Wednesday, November 9, 2011

Trust and credibility: Hard-won, easily lost

Just days after a public outpouring of praise and honor for Joe Paterno's 409th victory as an FBS coach, we've seen a public spectacle of contempt and dishonor for Joe Paterno's moral failures as an FBS coach.  All of the salutes for Joe's old-fashioned virtues and the squeaky-clean football program at Penn State have died away as accusations of sexual predation by an honored assistant coach have come to light.

In today's world of the Internet, social media, blogs, paparazzi, tabloid journalism and so on, the past 20 years have been drenched with instances in which highly respected people have committed gaffes of varying severity and in consequence been vilified, fired, and disgraced.  The speed of ascent to fame and honor is often exceeded by the even more rapid pace of disgrace and downfall in today's world.  An old saying has become a routine part of the way public figures must behave:  With great opportunity comes great responsibilityMuch is expected from those to whom much has been given.  We now seem to delight in throwing our heroes down from the pedestals on which we placed them.

As someone who was molested as a young person, I can say without any qualification, that I believe sexual predators need to be prevented from having the opportunity to molest more victims, and no one should ever hesitate to call the police and report any allegations of sexual misconduct, no matter who is the alleged perpetrator.  Jerry Sandusky has yet to be convicted of any crime, however.   Joe Paterno may not be guilty of a crime, but by his own admissions, he's guilty of a moral error that would allow a sexual predator to remain free and unpunished.  It's only recently that I find myself able to admit that I was molested and raped - the shame of this remained bottled up within me and, like many victims, the shame was too great for me to speak out.  Many years can elapse between the deeds and their revelation.  Fortunately for me, I managed to overcome what was done to me and my life has turned out quite well despite this incident when I was too young to know what to do about it.  But my experience makes my emotional response to hearing about such predators pretty strong.  Make no mistake, I have nothing but the deepest possible contempt for sexual predators - these are despicable acts of violence that have nothing to do with sex, per se.  I feel no inclination toward mercy for those who commit these unspeakably abhorrent acts!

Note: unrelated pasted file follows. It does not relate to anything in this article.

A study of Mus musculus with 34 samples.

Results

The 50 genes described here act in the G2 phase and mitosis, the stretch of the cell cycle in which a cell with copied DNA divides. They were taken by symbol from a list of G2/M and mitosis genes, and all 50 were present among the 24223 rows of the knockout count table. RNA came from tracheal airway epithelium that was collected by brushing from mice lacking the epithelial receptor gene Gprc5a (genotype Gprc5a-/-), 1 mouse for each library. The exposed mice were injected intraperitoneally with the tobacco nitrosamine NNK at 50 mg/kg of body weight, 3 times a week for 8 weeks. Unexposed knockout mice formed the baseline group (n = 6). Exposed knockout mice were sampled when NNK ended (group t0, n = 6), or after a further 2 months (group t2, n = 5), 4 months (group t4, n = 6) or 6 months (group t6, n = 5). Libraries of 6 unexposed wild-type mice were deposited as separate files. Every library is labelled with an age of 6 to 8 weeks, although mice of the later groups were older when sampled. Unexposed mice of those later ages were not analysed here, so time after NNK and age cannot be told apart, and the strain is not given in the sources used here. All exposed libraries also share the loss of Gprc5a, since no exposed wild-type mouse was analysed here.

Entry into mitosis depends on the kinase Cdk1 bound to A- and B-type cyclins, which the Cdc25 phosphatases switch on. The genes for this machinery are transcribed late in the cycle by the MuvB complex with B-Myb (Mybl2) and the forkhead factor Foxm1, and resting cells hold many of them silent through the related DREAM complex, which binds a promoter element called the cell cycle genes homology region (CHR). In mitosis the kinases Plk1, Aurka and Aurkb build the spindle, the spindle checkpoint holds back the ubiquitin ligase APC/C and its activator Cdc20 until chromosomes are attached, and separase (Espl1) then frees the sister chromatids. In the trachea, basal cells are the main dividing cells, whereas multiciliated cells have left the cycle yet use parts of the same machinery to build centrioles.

But the current spectacle of the sharks circling the Penn State campus, waiting for the inevitable firing of Joe Paterno, doesn't fill me with pride regarding our culture.  Many media people are pontificating about what they would have done, without ever having been in that situation, and without knowing precisely what was said and done in the Penn State cases.  None of us know what we would do until we're actually confronted with such a situation.  It's clear that in the court of public opinion, no "due process" is necessary.  Yes, it's easy to go along with the contempt stampede, and Joe Paterno's successes as a football coach are indeed quite irrelevant to this situation.  What Joe Paterno failed to do with the information he had about the alleged sexual predation is indeed a mistake.  It's indeed wrong to have failed to report what he knew to the police and some might even consider it criminal negligence.  But can all of the people calling for his head honestly say they've never done something morally wrong?  It isn't Joe Paterno who's accused of sexual predation, after all. 

Joe Paterno has been on a pedestal for many decades, not just because of winning (although that certainly is a big factor), but perhaps even primarily because of the apparent integrity of the Penn State football program.  No recruiting scandals, no coaches abusing the players, no payoffs by local boosters, high graduation rates, and so on.  Whether that was his goal or not, Joe Paterno was being held up as the epitome of coaching integrity just days before this scandal broke.  So when we find out that our hero was flawed by being unwilling to report the allegations of misconduct by a colleague and friend, all of those decades of integrity are instantly swept aside.  Honor and praise are instantly replaced with contempt.  It's as if all that came before had never happened, and the mighty fall with a great crash. 

I've learned that decades of trustworthy behavior mean nothing when a single act (of commission or omission) can result in the loss of trust forever.  A single mistake is obviously one too many for a legendary figure.  Our heroes are held to what might actually be an unrealistic standard, since our heroes are human beings, never truly gods.  Joe Paterno's coaching legacy is forever stained, no matter what plays out in the courts:  the real judicial courts or the court of public opinion.  Is that fair?  Absolutely not.  But fairness is a concept that has little to do with the real world, as most children learn eventually.  Much of life is not fair.  Trust and credibility must be upheld every day, without fail.  If you wish to keep trust and credibility, there can be no failure.  This is just as true for nobodies as it is for legends, but it's the downfall of legends that we seem to find so fascinating.  Fascinating enough for a blog entry, at least.

This spectacle of the fall from grace of a formerly revered public figure saddens me, not just because of the cost to the alleged victims of Jerry Sandusky, but because it exemplifies the unrealistic expectations that we place on other, fallible human beings.  I know I've made mistakes - many mistakes, in fact.  And not all of them in the ignorance of my youth.